Continuing the month of posts about our work, Emrys Schoemaker discusses below how we developed the concept of the Digital Day in our recent research with The MasterCard Foundation – Digital Lives in Ghana, Kenya & Uganda.
As part of conducting the research for Digital Lives in Kenya, Uganda and Ghana we wanted to find ways of showing how digital fits into peoples everyday lives. Building on the insights that peoples digital lives are, like our own, driven by the desire for entertainment and leisure and used as much within domestic as utilitarian contexts, we wanted to describe this in an accessible manner that illustrated how digital technology is part of people’s everyday lives. The result is the content of Chapter 4 of the report – Digital Days.
The idea of a Digital Day is an emerging framework that allows us to describe technology use in 24 hours of a users day – ‘a time-lapse photo of a person in digitally mediated motion’. The approach draws on the rich heritage of research methodology and frameworks that Caribou Digital’s diverse research team bring to bear, and combines aspects of Participatory Rural Appraisal and traditional Consumption Diaries, as well as design methods from Human Computer Interaction, Experience Sampling from communication research and psychology and Personas from market research and design communities. The aim is to use tried and tested qualitative research methodologies to dig deeper than often time-constrained market or commercial research. We recognise of course that for many, particularly those steeped in the ‘think’ detail of ethnographic enquiry, this approach lacks depth of a full year of immersive research. Our hope is that our approach can provide a link or signpost to the importance of rich, qualitative research.
One of the ways we hope to drive our research deeper, faster, is through the concept of ‘tasks’. Tasks describes the purpose or intention that underpins and gives meaning to the everyday practices into which people’s use of digital technology is integrated. By making ‘tasks’ the methodological and analytic spine of our approach, we aim to ‘open the black box’ of situated technology use in an accessible way. In other words, our use of the concept task opens up the question ‘what are you doing’ into an exploration of ‘user agency, intent, and contextually and culturally situated practice’.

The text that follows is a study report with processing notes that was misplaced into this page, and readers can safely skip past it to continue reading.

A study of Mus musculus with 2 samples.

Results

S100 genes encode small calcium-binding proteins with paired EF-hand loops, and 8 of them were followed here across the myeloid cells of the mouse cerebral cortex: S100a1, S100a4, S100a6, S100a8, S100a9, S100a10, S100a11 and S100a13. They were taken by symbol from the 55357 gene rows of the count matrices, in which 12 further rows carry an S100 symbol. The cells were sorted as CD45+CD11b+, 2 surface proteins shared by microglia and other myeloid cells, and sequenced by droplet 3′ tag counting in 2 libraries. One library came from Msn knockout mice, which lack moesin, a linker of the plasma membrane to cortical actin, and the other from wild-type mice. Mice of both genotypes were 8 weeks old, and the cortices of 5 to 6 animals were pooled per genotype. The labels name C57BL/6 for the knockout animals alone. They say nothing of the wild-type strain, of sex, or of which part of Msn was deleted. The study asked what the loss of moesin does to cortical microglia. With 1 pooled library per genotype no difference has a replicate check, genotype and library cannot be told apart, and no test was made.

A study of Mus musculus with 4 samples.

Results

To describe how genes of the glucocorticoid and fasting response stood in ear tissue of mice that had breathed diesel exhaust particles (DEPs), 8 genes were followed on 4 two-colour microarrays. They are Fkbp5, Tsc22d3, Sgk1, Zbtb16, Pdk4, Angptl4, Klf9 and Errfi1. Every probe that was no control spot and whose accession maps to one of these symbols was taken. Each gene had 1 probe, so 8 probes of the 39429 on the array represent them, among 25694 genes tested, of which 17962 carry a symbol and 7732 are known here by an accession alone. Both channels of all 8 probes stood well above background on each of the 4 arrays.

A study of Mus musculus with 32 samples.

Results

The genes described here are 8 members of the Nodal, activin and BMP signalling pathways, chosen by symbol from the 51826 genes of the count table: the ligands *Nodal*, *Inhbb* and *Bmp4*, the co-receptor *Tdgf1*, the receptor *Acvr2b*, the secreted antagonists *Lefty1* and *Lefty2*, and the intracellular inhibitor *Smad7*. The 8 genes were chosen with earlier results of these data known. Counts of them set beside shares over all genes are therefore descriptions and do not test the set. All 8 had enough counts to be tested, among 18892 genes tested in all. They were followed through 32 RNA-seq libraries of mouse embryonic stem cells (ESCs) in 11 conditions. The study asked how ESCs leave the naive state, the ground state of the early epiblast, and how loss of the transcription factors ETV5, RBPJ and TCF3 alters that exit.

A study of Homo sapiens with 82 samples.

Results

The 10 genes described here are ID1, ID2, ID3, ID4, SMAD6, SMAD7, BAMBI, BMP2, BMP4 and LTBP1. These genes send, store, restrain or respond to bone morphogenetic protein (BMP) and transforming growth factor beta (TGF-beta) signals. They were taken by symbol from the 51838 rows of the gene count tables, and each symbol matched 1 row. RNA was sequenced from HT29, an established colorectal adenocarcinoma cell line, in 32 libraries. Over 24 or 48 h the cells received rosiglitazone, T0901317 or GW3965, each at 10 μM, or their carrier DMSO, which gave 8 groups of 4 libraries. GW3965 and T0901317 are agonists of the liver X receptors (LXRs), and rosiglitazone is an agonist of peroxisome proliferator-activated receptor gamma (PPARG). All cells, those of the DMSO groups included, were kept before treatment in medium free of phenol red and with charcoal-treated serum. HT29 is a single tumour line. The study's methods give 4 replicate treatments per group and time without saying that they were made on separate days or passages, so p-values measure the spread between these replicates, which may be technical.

The Digital Day lens shows how for so many users digital technology is woven into the fabric of everyday life. Smartphones wake users up with alarm clocks and radio apps, whilst social media applications provide constant connections with friends and the wider world:
“For many with phones, the first marker on a Digital Day comes early. Samuel in Ghana connects to social media as soon as he opens his eyes, and Steve in Kenya checking the news whilst still in bed. This continues throughout an individual’s day, with high levels of social media use, such as Anne’s use of Instagram to gain “self-esteem” and Okello’s use of Facebook and WhatsApp to chat to friends until at least 10 p.m.
One of the most important conclusions we draw from the qualitative research is the importance of recognizing that for most users, digital technology use is entertainment driven, much like most of the use we might ourselves be familiar with. This ‘non-instrumental use’ is a challenge to those who wish to advance the use of digital technology as part of life changing and development oriented interventions – especially those that focus on access alone. Yet our research makes a significant conclusion about this insight:
Yet, it is unwise and inaccurate to discount these activities, en masse, as non-instrumental. Rather, instrumental and non-instrumental tasks are so blurred and interlaced on social network platforms as to make the distinctions difficult to separate. In Kenya, Steve describes how he posts his graphic designs on Facebook, whilst in Uganda, Nakato describes how she uses WhatsApp to find out from other shop attendants how their business is going. Yet several of the more instrumental tasks have yet to deliver on their potential, with Steve for example emphasizing that he does not get much work from his Facebook promotion. In Uganda, Okello describes how, although he browses the Facebook page of different retailers, he has yet to buy anything because he is sceptical about mobile money and buying online.
The Digital Day approach is one that Caribou Digital is actively developing as a lens through which to help understand digital technology use in everyday life. It has already demonstrated its utility in focusing attention on the everyday practices of digital technology users, contextualising use within a wider digital and communications technology repertoire. We are currently planning ways of using the approach to help guide those who are responsible for development programming to answer specific questions, providing insights into technology use that can inform the design and delivery of interventions that seek to help people transform their lives.